The benefits of cooking with coconut oil

 May 3, 2019  
Sekh Sahajan,
Executive Chef

Coconuts are the new superfood that everyone around the world is talking about. Closer to home, it has been an integral part of cooking in Peninsular India and its many benefits have been listed in ancient Ayurvedic texts which date back to centuries.

In fact, these texts even describe the coconut tree as 'kalpa vriksha', the tree that offers all that is needed for life.

Before we get into its benefits, allow me to help bust some myths about coconut oil being unhealthy and fattening. Coconut oil contains medium chain fatty acids or MFCAs, which are easy to digest, even without the assistance of pancreatic enzymes. These reach the live through the portal vein and do not enter the blood stream or the lymphatic system. Hence, they do not clog your arteries and on the contrary actually help lower cholesterol and improve metabolism.

The long chain fats in other oils in contrast are difficult for the body to digest and pass directly into the lymphatic system.

Let's take a look at some of the many useful properties of using coconut oil in cooking:

  1. It calms the Vata and Pitta dosha and brings balance to the Kapha dosha.
  2. Gives the good cholesterol in your body a boost. In fact, it is heart smart and helps convert bad cholesterol to good cholesterol.
    Helps control blood sugar and overcome insulin resistance, thus making it ideal for those suffering from diabetes.
  3. Promotes liver health and helps heal urinary tract infections.
  4. Helps eliminate toxic bacteria from the stomach and aids in digestion.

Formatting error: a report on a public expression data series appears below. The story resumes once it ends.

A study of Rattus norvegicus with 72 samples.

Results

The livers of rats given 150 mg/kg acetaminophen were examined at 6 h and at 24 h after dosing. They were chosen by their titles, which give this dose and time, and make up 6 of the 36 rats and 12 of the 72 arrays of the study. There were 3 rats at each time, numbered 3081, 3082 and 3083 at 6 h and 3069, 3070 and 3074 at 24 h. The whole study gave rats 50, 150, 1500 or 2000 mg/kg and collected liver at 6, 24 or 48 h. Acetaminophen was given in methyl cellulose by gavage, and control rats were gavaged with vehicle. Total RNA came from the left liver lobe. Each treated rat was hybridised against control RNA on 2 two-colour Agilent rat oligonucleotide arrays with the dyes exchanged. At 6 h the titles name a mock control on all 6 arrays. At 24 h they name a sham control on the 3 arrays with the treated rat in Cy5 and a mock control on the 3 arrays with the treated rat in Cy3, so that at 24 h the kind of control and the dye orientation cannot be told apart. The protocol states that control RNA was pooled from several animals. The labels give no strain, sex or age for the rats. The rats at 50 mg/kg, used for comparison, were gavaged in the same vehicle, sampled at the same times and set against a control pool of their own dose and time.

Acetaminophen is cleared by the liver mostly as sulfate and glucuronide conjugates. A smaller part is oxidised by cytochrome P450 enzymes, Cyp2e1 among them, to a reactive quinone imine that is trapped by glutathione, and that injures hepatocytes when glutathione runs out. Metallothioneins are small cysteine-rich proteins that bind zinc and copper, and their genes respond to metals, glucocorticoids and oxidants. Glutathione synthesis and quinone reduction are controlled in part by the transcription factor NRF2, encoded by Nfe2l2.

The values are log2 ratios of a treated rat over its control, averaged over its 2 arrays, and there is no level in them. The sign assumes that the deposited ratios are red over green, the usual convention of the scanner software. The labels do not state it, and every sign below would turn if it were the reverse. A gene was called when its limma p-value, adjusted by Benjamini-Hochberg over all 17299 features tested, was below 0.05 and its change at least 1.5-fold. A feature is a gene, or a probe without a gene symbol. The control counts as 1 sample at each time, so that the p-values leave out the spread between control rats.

5. Recommended to boost the metabolism of those suffering from thyroid issues.

Here are two recipes from Naad's kitchens which use extra virgin coconut oil, which I recommend you add to your kitchen stock too. Do try them at home and let me know what you think on head.chef@naadwellness.com

Vegetables Besara


  • Sweet Potato150 gm
  • Pumpkin150 gm
  • Raw papaya 400 gm
  • Raw banana 100 gm
  • Arbi 200 gm
  • Tomato 150 gm
  • Coconut Oil 25 ml
  • Radish 150 gm
  • Coconut 1/2 pc
  • Brinjal 200 gm
  • Onion 100 gm
  • Coriander leaves 25 gm
  • Mustard seeds 6 teaspoon
  • Cumin seeds 21/2 teaspoon
  • Garlic 15 cloves
  • Turmeric powder 1 teaspoon
  • Salt as per taste


  • Make a fine paste of mustard seeds (5 teaspoons), cumin seeds (2 teaspoons), green chillies (2 pieces) and garlic.
  • Clean the vegetables, peel and chop into small pieces.
  • Slice the onions into thin slices and finely chop the coriander.
  • Cook the vegetables with turmeric powder and salt in 6 cups of water
  • Cook for 15 minutes or until they are completely cooked. Add grated coconut.
  • Heat coconut oil in a pan and add mustard seeds (1 teaspoon), green chilli (1 piece) and cumin seeds (1/2 teaspoon).
  • When it starts spluttering add the onion slices and fry till they become golden brown.
  • Add the cooked vegetables and stir for 1 to 2 minutes.
  • Garnish with grated coconut.


  • Rice vermicelli1 cup
  • Cashew nut 3 to 4
  • Figs (chopped) 2
  • Cardamom 3 pods
  • Jaggery 3/4cup
  • Coconut Oil 30 ml
  • Coconut milk 2 cup


  • Heat the oil in a thick bottomed pot.
  • Add cardamom and stir well.
  • Add the rice vermicelli.
  • Saute over medium flame for 2 to 3 minutes until the vermicelli turns deep golden. Heat another pan to melt the jaggery.
  • Add coconut milk and melted jaggery to the sauted vermicelli.
  • Stir continuously. Cook for 4 to 5 minutes or more until all the liquid evaporates. Switch off the flame and garnish with coconuts.
  • Cover with a tight lid and allow to stand for 5 to 7 minutes. Take off the lid and gently fluff up the vermicelli.

About the author: Chef Sahajan is a graduate of the Institute of Hotel Management, Bhubaneswar and brings with him over 16 years of culinary experience. He specialises in the 'tridosha' form of cooking, based on the principles of Ayurveda. Chef firmly believes in cooking fresh, seasonal produce that are aligned with the cycles of nature. In fact, he nurtures his small kitchen garden on the Naad estate and often cooks with herbs and vegetables sourced from our own backyard. A keen photography enthusiast, he is also a member of several industry associations including the Indian Federation of Culinary Association (IFCA), World Association of Chefs (WACs) and the Chef Guild of India.